The Rooftop Concert

In 1969, the dream wasn’t over, but the closing credits were playing. However, as is frequently the case in the movie theater, the music that was playing during the closing credits was pretty wonderful stuff.

The 1967 death of Brian Epstein was the beginning of the end of the incredible pooled talent of what we knew as The Beatles. Epstein was a manager that the group respected, whose decisions weren’t always perfect, but weren’t disastrous either. On August 27 of that year, the day before I turned eight years old, Epstein died of an overdose of sleeping pills.

The Beatles muddled on under McCartney’s taking the lead for awhile, but Paul’s decision to commit the group to the film Magical Mystery Tour effectively ended the rest of the boys listening to him. While the accompanying album was a success, the film was a critical and financial flop.

By 1968, and the recording of the White Album, all four members of the band were thinking much more in terms of themselves as individuals rather than as members of the greatest pop/rock band in history.

The post-Epstein group was persuaded to film a live concert, along with the practice sessions leading up to it, tentatively called Get Back. As it turned out, the film’s eventual completed version, released as Let It Be, captured the worst of the squabbling that was taking place among the members to the disintegrating group.

But there certainly was a glorious high point of the documentation: the Rooftop Concert of January 30, 1969.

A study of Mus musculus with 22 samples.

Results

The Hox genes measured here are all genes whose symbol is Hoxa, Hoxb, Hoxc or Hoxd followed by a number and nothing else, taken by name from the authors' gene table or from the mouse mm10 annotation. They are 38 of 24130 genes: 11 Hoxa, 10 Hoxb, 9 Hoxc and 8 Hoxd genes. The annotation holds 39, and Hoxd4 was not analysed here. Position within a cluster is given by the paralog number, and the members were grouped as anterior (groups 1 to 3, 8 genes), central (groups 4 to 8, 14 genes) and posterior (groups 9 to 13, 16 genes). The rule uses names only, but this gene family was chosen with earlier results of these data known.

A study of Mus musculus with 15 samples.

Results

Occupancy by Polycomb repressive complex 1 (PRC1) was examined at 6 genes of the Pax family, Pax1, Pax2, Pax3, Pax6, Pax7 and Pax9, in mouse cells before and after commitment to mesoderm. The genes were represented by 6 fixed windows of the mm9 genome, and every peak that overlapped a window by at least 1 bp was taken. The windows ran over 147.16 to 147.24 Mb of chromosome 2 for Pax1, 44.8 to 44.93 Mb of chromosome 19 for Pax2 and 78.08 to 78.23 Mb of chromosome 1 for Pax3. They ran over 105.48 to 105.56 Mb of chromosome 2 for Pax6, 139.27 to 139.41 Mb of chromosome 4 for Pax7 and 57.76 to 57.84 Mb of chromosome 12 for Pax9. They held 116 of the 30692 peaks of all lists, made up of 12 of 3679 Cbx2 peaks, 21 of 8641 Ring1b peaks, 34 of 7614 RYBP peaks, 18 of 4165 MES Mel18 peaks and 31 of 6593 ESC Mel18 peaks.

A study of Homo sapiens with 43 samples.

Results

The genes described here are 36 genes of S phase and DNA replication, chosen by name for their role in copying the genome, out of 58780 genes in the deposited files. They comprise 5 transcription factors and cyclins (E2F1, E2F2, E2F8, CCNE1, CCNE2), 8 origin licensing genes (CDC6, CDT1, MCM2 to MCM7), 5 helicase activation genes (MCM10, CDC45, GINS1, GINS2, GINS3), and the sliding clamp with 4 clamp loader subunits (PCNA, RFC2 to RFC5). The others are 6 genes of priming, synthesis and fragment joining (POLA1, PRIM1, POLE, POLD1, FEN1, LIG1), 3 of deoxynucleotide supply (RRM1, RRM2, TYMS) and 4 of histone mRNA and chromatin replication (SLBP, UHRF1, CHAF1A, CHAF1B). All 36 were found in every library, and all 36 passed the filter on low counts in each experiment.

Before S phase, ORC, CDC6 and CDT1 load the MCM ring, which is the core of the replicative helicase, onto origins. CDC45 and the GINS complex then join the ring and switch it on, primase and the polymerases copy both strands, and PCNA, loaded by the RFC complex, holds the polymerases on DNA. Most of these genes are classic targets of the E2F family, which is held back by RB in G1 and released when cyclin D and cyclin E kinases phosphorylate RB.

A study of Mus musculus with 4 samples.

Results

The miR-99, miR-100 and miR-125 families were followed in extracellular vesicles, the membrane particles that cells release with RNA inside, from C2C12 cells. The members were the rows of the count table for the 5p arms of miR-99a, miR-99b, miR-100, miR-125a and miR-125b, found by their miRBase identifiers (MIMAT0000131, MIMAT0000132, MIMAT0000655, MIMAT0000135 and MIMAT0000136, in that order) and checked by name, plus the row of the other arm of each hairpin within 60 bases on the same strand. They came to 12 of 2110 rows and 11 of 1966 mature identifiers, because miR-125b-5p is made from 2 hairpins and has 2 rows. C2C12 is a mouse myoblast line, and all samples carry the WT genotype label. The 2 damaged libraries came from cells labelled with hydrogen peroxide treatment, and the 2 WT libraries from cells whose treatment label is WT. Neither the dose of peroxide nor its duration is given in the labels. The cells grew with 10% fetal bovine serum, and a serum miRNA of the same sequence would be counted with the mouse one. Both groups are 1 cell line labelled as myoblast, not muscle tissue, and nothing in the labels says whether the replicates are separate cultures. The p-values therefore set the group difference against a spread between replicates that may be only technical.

The group met with the film’s production department four days earlier. They presented the idea of setting equipment up in the cold January air on the rooftop of Apple’s headquarters in Savile Row near Piccadilly Circus.

The idea was crazy on a number of levels. So of course it was agreed to and planning began.

On the busy Thursday workday, the group arrived at the rooftop, grabbed instruments, and began jamming. Cameras were rolling all over the place, including down in the streets as astonished Londoners engaged in their normal workday routines came out to see what all of the loud music was all about.

What none of them realized at the time was that it was history. It was the final live performance of The Beatles.

The bobbies hadn’t been informed, nor had anyone else but the filming crews. So it wasn’t long before the police showed up, looking curiously upward and trying to maintain order as the streets began to fill with both fans and detractors of the group.

Eventually, the police showed up at the rooftop itself and demanded that the impromptu concert cease. Legend has it that it might have gone on much longer, if not for the wool merchant next door. He was quoted as saying “I want this bloody noise stopped. It’s an absolute disgrace!”

Footage exists of the magical moment, of course. The concert, as well as many other Get Back recordings, were among the most bootlegged moments of rock and roll history. Underground record stores like many medium-to-large-sized towns had in the 70’s had the uncut products for sale freely.

George Martin eventually produced the album Let It Be, for better of worse, complete with heavenly choirs to help dissuade the depressing sound of the constant bickering.